Keeping active is crucial for staying healthy, and considering 27 per cent of Britons aren’t exercising at least once a week, according to a 2020 YouGov survey, you might be inclined to up your activity levels.
“The type of workout you do ultimately depends on your ability, goals, likes and dislikes, equipment available, what injuries you have, and how much time you have available,” personal trainer Tom Mans explained to The Independent.
Whilst there isn’t a one-size-fits-all approach, there are principles and guidelines that you can follow and apply to your training to ensure you have a balanced, effective, safe and enjoyable workout regime.
How many days a week should you train?
Unless you’re a fitness enthusiast, you probably want to spend as little time in the gym as possible to achieve your health and fitness goals. But Mans says training only once or twice a week won’t give you more than a low level of fitness.
“You should train at least three times a week if you want to achieve your health and fitness goals in a reasonable amount of time, and stay fit and healthy,” Mans explains.
Training four or five times a week is ideal, but most people find that unachievable due to time constraints, so Mans says it’s best to aim for three: “This exposes your body to a large enough training stimulus throughout the week, which enables the body to adapt, get stronger, leaner and fitter.”
How long should your workouts be?
Some people argue that you can get an effective and efficient workout in half an hour if you use the time wisely, but Mans believes that if you want to make real progress, you should be working out for 45 minutes to an hour.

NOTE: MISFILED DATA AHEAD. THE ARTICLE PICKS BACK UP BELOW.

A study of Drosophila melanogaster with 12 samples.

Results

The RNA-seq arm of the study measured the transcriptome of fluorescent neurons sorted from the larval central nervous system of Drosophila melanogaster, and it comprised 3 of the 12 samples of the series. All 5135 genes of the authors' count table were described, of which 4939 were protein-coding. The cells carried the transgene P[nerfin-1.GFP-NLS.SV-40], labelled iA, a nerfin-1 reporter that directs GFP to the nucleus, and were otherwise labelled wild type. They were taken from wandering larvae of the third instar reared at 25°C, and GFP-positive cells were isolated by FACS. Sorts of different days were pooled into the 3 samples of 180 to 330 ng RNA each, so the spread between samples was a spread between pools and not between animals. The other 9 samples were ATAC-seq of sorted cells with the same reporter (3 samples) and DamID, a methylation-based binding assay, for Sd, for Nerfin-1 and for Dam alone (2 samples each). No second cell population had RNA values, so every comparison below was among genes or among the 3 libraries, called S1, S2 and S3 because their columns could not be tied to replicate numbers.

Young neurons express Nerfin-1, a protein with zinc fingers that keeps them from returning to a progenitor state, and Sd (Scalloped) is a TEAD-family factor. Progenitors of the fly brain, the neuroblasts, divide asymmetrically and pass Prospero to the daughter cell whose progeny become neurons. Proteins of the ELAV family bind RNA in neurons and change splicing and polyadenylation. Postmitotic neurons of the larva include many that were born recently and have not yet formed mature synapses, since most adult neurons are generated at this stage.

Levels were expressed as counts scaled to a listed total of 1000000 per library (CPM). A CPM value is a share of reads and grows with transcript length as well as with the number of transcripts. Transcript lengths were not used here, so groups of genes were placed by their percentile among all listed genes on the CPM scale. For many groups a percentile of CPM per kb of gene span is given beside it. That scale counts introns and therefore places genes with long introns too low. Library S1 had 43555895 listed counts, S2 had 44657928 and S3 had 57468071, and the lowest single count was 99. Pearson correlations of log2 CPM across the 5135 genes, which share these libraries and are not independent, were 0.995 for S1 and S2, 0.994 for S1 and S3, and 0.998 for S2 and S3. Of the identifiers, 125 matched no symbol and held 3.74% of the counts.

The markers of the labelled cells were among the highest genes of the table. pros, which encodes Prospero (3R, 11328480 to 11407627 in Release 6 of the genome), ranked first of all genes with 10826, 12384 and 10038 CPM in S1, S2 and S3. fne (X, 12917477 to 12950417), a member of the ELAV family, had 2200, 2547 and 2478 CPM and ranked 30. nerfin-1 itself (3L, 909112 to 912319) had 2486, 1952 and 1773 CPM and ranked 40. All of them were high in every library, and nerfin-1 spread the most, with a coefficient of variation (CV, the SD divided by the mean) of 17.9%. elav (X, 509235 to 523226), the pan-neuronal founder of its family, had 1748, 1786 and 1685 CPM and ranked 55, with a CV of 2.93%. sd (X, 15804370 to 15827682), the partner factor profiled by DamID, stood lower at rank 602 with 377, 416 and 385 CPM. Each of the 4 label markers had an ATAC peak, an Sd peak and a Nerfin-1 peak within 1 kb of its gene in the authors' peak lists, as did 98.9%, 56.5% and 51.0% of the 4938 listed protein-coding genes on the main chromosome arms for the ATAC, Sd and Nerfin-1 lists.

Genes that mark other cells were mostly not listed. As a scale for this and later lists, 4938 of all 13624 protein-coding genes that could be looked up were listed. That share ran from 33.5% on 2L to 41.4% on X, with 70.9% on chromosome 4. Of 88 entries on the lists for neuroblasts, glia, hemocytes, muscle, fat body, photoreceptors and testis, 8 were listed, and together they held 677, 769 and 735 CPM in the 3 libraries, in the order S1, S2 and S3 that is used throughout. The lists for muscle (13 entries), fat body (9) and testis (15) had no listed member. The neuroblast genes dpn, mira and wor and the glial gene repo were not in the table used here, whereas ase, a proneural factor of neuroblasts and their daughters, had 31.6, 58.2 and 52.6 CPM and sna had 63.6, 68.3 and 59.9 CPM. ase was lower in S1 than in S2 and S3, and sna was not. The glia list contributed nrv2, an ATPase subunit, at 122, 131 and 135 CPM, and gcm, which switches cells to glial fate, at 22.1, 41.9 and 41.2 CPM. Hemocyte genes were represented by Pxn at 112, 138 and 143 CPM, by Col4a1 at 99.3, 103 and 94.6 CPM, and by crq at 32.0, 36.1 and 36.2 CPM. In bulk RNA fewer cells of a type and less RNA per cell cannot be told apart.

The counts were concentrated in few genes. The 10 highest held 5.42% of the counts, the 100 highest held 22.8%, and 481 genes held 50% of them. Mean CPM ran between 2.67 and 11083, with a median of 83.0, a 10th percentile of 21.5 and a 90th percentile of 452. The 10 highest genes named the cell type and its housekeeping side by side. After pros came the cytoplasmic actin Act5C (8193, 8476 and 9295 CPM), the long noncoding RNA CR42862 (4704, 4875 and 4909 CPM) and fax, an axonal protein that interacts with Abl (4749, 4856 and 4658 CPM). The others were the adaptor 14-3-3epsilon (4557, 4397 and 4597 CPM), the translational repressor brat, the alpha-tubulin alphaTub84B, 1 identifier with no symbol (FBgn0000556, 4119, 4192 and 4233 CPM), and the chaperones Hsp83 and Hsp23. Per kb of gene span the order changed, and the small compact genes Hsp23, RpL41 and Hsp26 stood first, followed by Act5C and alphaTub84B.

He recommends spending 10 minutes warming up and mobilising your body, 30-40 minutes weight training, and five-10 minutes cooling down and stretching,
That said, half hour workouts can be useful for conditioning sessions or interval training.
Can you weight train two or three days in a row?
Mans recommends taking a day’s rest between sessions if you regularly lift weights. “You can train two days in a row but definitely try to avoid doing three days in a row unless you are an advanced lifter.”
If you don’t give your muscles time to recover, you’ll overload your joints and tendons which could become sore - or worse, you could give yourself an injury such as tendonitis.
However it is OK to weight train on consecutive days if you’re training different body parts every time - Mans believes whole-body workouts are best for the general population who want to lose fat and improve their fitness though.
A well-balanced exercise regime should include a mixture of weight training and cardiovascular (aerobic and anaerobic) work, but Mans says that if you don’t have time for both, focus on doing two to three weights sessions a week.
How important is sleep?
In short: very.
“For everyone - and especially people who train on a regular basis - getting seven to eight hours’ sleep on average per night is vitally important,” Mans says.
“After you train during the day, the body then grows stronger, burns fat and rebuilds damaged muscle tissue when you sleep.”
So if you don’t get enough sleep, you’ll be putting yourself at a disadvantage, your workouts will suffer and you won’t have enough energy to train.